A Study of Language Learner Needs and Barriers to Accessing Language Instruction for Newcomers to Canada (LINC) Programs in Hamilton, Ontario

By: Louise Gormley and Bhupinder S. Gill
Date: 2007

This research study investigated language learner needs and barriers to accessing Language Instruction for Newcomers to Canada (LINC) programs in Hamilton, Ontario. Researchers conducted focus groups with currently-enrolled LINC students, currently employed LINC teachers, members of the Hamilton newcomer community and conducted interviews with LINC coordinators, LINC stakeholders and had currently enrolled LINC students conplete a questionnaire.

LINC provides language training in one of Canada"s official languages to adult immigrants after their arrival in Canada, so that they may acquire the necessary language skills to integrate into Canadian society.

Research Findings

LINC Students

The analysis of data revealed that the typical LINC participant in this study held a university or college education and that the majority of LINC learners want their own copy of a LINC textbook, a course outline, integrated (versus discrete) skills classes, and a combined practical and academic focus to their English studies. However, there are clusters of LINC learners who do not fit such a profile, for example, some LINC learners with higher levels of education prefer discrete skills classes.

The majority of the currently-enrolled LINC students who participated in focus groups were generally satisfied with their LINC learning experience but had suggestions for improvement. Female newcomers with young children have unique gender-related obstacles because, among other concerns, LINC eligibility rules force them to choose between the right to vote and free childminding.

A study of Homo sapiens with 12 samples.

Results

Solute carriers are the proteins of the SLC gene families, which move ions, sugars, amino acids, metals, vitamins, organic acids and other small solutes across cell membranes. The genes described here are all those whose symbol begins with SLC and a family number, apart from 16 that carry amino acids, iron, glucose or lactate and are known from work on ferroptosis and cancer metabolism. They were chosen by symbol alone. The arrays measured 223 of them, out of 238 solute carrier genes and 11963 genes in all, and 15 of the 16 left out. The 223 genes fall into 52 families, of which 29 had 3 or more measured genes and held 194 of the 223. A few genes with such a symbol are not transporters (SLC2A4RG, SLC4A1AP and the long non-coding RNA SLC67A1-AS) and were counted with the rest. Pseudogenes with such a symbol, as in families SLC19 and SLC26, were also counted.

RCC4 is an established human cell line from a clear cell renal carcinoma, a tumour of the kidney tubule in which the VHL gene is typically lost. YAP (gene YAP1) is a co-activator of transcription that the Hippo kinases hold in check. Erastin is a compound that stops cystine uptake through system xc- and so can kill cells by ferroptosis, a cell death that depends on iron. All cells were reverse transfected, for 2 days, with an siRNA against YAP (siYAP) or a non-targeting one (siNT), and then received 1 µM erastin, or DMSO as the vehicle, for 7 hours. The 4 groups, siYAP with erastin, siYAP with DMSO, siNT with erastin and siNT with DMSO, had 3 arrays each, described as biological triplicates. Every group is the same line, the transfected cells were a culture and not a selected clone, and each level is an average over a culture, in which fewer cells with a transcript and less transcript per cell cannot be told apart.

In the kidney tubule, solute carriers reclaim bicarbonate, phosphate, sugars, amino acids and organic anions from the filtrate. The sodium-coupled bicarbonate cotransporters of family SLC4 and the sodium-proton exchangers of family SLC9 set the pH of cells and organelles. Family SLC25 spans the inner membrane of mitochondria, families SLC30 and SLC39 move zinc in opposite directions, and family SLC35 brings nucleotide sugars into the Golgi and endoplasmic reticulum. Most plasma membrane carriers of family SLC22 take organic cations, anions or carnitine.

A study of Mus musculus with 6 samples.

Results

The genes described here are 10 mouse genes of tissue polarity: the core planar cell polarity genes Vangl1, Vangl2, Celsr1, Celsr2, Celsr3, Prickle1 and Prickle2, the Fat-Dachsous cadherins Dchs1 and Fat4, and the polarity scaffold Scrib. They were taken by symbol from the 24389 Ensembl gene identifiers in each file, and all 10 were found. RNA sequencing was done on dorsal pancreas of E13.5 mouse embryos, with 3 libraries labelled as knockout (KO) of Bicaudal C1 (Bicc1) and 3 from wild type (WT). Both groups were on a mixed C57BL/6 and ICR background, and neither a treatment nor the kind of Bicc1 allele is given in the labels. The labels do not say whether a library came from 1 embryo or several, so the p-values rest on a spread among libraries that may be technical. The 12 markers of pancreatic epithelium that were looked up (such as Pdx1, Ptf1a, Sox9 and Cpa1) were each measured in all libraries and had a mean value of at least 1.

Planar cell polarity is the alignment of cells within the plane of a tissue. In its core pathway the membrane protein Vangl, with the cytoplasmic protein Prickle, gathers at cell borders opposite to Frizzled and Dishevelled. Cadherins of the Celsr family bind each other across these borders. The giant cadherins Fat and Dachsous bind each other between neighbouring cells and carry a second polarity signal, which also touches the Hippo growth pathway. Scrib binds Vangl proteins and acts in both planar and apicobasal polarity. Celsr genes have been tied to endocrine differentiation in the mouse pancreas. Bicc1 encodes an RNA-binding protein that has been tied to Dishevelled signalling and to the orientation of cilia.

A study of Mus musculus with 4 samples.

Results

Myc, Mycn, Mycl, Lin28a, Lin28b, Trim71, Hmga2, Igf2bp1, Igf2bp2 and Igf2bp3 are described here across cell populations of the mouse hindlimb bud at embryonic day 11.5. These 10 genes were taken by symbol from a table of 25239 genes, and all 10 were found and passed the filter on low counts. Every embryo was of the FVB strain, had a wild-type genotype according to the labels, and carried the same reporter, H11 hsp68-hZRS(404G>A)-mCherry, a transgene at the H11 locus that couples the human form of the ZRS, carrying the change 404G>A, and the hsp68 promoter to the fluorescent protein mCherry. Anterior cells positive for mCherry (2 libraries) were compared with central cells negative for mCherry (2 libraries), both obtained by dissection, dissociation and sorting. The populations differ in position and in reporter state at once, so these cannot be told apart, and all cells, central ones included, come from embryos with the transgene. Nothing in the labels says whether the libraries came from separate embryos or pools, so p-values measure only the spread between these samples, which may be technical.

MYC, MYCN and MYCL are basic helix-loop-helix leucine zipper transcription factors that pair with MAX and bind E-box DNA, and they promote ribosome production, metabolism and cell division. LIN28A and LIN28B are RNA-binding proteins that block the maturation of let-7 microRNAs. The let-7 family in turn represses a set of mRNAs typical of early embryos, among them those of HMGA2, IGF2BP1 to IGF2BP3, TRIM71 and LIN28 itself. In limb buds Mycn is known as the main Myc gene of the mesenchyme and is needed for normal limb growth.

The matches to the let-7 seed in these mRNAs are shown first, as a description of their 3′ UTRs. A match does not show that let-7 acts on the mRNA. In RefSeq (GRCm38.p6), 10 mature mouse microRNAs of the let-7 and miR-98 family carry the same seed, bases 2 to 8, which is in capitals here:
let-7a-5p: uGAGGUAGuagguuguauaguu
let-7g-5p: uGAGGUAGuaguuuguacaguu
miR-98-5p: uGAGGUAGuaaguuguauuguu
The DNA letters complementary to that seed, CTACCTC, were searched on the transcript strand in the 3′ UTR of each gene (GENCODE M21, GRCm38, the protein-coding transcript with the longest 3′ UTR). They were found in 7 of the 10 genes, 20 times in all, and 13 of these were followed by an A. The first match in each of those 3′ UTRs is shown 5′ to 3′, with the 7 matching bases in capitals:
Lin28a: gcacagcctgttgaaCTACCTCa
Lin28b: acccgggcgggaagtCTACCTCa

LINC Teachers

LINC teachers face many challenges including continuous intake, multi-level classes, the changing profile of the LINC learner, among other issues.

Recommendations include further research that explores the feasibility of a LINC textbook, considers best practices with respect to how to provide course outlines for students, examines how to build a more collaborative environment between LINC service providers, investigates effective models of outreach, compares LINC programs to other English programs such as College, Coop, ESL, etc., and investigates ways to increase the general public"s understanding of LINC and Canadian Language Benchmarks (CLB), among other suggestions.

The researchers suggest that, "using this study as a springboard, it may be worth doing comparative research around different types of English classes, such as College, Coop, ESL credit, etc. Perhaps each of these other types of English classes simply cater to different niches of the English learner market by offering, say, more academic or more employment focused themes, etc. Or perhaps an in-depth comparison of the LINC program with some of the above English language programs would suggest some possible ideas for future LINC curriculum reform. Since this research focused mainly on the Hamilton LINC experience and was not a comparative study that additionally investigated other English language programs, this study cannot answer such questions, but it does point to directions for further inquiry using comparative research methodologies."

This study is available for download in PDF format (284 KB, 53 pages).